Florida’s death penalty scheme may be summarized quite simply: Judges can kill you. Under Florida law, the jury in a capital case may recommend a sentence to the judge. But the judge has no legal obligation to follow it: The jury’s decision is only “advisory.”
by Mark Joseph Stern
On Tuesday, the Supreme Court invalidated Florida’s bizarre, perverse death penalty system by a lopsided vote of 8–1. That is, undoubtedly, excellent news for capital punishment abolitionists. But the majority’s decision, penned by Justice Sonia Sotomayor, actually has nothing to do with the Eighth Amendment’s ban on “cruel and unusual punishments.” Rather, Sotomayor’s opinion revolves around the critical constitutional role that juries must play in any death penalty trial.
Florida’s death penalty scheme may be summarized quite simply: Judges can kill you. Under Florida law, the jury in a capital case may recommend a sentence to the judge. But the judge has no legal obligation to follow it: The jury’s decision is only “advisory.” That means the judge can ignore a jury’s recommendation of life in prison and sentence a defendant to death instead. Moreover, if the jury can’t reach a decision one way or the other, the judge is empowered to impose death. To do so, he need only find that “aggravating circumstances” existed that make the defendant eligible for death. (An aggravating circumstance is any factor, such as extreme depravity, that increases the defendant’s culpability.) The judge is legally empowered to make these factual findings on his own, with or without input from the jury.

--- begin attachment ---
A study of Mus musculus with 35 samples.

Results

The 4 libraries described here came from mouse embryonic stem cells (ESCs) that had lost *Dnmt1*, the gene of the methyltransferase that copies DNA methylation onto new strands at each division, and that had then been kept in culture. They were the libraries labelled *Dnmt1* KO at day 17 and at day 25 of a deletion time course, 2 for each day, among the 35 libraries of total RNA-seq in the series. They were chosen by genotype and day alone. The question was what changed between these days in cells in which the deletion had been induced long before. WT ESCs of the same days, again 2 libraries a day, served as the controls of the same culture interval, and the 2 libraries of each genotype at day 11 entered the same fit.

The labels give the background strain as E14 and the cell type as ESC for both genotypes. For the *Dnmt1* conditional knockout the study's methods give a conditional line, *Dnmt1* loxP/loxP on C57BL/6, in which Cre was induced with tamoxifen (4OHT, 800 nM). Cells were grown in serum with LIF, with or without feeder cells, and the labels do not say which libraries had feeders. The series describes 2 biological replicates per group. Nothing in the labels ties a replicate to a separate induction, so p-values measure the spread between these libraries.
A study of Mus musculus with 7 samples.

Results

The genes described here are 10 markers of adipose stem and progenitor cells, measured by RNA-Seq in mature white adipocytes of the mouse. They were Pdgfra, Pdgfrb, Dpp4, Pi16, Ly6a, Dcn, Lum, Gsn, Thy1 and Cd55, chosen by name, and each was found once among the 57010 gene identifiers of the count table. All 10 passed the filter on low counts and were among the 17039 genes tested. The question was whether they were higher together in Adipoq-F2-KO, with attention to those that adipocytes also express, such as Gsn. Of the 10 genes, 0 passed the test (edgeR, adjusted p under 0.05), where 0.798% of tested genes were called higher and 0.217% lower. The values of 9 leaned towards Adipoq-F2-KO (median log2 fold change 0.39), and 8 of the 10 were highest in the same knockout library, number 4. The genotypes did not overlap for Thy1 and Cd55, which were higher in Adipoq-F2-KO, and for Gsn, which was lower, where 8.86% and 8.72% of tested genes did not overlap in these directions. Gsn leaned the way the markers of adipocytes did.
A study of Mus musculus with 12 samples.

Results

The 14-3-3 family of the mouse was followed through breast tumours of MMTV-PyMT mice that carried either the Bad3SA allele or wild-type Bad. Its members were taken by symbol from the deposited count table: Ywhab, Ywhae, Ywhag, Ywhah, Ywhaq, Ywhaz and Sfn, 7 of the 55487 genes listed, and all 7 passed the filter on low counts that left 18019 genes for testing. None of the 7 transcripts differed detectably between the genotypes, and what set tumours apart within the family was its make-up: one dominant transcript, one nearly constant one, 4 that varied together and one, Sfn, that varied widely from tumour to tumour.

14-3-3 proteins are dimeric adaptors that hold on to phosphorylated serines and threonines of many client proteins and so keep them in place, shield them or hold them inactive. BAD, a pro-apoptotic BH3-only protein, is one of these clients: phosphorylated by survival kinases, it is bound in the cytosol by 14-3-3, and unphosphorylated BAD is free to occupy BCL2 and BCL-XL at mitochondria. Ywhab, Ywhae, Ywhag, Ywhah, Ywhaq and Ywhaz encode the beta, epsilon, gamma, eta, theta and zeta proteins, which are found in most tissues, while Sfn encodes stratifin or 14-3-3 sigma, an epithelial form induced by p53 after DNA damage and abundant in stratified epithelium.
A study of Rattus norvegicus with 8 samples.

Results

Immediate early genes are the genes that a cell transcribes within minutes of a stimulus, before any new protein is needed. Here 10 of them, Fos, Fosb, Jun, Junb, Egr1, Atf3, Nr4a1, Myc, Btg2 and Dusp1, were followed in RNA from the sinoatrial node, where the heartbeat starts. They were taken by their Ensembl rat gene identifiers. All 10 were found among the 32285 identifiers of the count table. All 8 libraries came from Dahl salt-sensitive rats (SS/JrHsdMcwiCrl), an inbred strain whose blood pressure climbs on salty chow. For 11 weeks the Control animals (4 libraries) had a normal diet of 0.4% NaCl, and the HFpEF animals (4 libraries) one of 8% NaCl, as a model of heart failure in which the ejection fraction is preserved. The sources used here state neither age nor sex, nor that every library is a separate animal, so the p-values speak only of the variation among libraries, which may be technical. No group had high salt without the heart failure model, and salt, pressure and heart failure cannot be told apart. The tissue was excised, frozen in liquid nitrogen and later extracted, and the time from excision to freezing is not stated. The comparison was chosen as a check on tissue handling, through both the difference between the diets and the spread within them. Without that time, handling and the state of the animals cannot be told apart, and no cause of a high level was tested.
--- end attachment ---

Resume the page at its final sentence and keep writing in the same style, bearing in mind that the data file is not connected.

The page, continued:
This strange system’s constitutional defect is very straightforward. The Sixth Amendment’s guarantee of a jury trial requires that any fact that “expose[s] the defendant to a greater punishment than that authorized by the jury’s guilty verdict” must be submitted to a jury. This principle extends to death penalty cases: In 2002, the court held that any finding of an aggravating circumstance that exposes a defendant to death must emerge from the jury, not the judge. That case clearly dictates the outcome of this one. Florida law empowers judges to expose defendants to greater punishments than are authorized by juries. Thus, as the court held on Tuesday, Florida law violates the Sixth Amendment.